SACRAMENTO, California (AP) – Racial disparities have narrowed across the United States (US) criminal justice system over 16 years, though blacks are still significantly more likely to be behind bars than whites, new federal figures show.
Racial gaps broadly declined in local jails, state prisons, and among people on probation and parole, according to the study released yesterday by the nonpartisan Council on Criminal Justice. The divide in state imprisonment rates dropped for all major crimes but was most pronounced for drug offences – a key driving factor for the racial shift. Blacks were 15 times more likely than whites to be in state prisons for drug crimes in 2000, but that dropped to five times as likely by 2016, the most recent year available.
Many don’t realise how much the racial gap has narrowed, not only in incarceration but in parole and probation, said Adam Gelb, president and chief executive of the politically diverse council that launched in July to seek solutions to problems in the criminal justice system.
“Most people think this is a bad problem that’s getting worse,” said Gelb, whose group has brought together governors of both parties, police officials and Black Lives Matter organisers. “It turns out it’s a bad problem that’s getting a little better, and for very complex reasons that we need to understand at a much deeper level.”
Critics contend minorities’ disproportionate involvement in the US criminal justice system reflects systemic racial bias. Researchers have blamed prejudice by police, prosecutors, judges and juries; racial differences in crimes; and get-tough sentencing laws during the high crime era of the 1980s and ’90s.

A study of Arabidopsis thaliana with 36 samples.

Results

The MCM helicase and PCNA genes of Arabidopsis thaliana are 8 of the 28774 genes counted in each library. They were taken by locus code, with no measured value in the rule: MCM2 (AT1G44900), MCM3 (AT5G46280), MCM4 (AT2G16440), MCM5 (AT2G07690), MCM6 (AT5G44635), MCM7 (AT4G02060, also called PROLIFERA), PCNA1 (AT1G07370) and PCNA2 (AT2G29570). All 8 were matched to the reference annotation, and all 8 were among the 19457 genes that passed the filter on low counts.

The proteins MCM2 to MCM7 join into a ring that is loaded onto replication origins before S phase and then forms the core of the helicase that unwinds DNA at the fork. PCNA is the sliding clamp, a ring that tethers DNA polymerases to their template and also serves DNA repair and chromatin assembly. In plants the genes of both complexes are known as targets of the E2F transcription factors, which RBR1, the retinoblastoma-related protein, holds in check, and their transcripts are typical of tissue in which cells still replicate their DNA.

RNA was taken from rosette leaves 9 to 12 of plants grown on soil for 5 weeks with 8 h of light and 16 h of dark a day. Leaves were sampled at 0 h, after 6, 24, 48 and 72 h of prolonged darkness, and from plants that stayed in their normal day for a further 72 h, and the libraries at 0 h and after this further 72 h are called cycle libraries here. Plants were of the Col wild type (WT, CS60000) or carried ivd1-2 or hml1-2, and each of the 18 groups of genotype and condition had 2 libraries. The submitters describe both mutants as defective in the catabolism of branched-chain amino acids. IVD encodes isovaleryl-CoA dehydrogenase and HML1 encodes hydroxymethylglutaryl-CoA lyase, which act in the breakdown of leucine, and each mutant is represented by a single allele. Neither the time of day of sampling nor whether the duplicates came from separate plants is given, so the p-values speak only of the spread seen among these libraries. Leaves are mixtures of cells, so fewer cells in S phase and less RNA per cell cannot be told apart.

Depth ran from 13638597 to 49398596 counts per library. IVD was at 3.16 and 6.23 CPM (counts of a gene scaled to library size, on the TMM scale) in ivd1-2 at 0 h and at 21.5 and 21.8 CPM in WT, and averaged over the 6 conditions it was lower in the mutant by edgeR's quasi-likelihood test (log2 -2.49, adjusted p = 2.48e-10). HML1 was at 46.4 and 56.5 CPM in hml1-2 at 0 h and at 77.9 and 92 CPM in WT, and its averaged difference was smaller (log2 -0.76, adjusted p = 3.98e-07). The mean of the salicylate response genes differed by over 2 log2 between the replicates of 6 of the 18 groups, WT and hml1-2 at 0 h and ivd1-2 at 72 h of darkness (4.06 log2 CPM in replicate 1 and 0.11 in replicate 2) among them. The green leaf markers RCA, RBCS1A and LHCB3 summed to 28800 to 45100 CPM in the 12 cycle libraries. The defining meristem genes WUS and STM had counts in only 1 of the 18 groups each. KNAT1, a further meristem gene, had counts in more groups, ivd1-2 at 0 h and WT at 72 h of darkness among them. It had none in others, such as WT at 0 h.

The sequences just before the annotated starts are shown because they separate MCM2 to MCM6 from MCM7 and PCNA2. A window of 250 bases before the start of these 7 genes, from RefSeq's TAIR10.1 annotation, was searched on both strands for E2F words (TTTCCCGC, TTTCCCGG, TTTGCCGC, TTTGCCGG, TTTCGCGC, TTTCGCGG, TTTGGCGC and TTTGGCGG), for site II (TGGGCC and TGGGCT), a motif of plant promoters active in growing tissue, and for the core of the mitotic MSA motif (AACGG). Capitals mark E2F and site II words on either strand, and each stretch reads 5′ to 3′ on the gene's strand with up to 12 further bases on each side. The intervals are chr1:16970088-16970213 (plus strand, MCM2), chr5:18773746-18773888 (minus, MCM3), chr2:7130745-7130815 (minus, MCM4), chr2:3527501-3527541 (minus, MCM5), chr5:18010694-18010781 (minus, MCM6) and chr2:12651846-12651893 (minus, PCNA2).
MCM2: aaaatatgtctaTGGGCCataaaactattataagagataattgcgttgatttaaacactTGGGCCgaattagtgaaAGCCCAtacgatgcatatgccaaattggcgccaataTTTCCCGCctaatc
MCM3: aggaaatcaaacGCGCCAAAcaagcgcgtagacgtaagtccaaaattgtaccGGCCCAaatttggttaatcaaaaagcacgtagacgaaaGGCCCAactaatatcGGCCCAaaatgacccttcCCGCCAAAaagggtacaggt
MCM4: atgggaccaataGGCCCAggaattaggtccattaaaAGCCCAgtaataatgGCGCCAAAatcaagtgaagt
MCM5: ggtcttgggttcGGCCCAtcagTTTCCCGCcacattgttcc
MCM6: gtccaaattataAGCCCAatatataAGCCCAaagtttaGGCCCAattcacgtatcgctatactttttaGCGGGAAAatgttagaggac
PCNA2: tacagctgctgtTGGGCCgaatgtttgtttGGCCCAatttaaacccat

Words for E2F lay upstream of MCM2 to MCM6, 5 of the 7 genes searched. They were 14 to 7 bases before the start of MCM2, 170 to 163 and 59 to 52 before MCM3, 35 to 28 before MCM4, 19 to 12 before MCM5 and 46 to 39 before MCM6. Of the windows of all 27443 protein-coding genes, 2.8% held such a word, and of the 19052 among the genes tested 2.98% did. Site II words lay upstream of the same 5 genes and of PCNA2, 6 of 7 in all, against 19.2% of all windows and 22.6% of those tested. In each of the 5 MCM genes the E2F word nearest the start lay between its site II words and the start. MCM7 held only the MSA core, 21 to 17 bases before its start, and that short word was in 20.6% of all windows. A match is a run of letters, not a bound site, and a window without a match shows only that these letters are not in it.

While racial inequity in arrests and incarcerations narrowed, the length of prison sentences increased across all crime types for black people and partially offset the benefits, according to the report co-authored by Georgia State University professor William Sabol, former director of the federal Bureau of Justice Statistics.
Among the other findings of the report, which is based on numbers from the bureau, the FBI and other national statistics:
– Nine African American men were in state prisons for every white inmate in 2000, which dropped to a still disparate six black men for every white man by 2016. The change mostly stemmed from a 30 per cent decline in the black male imprisonment rate, largely driven by falling drug crimes.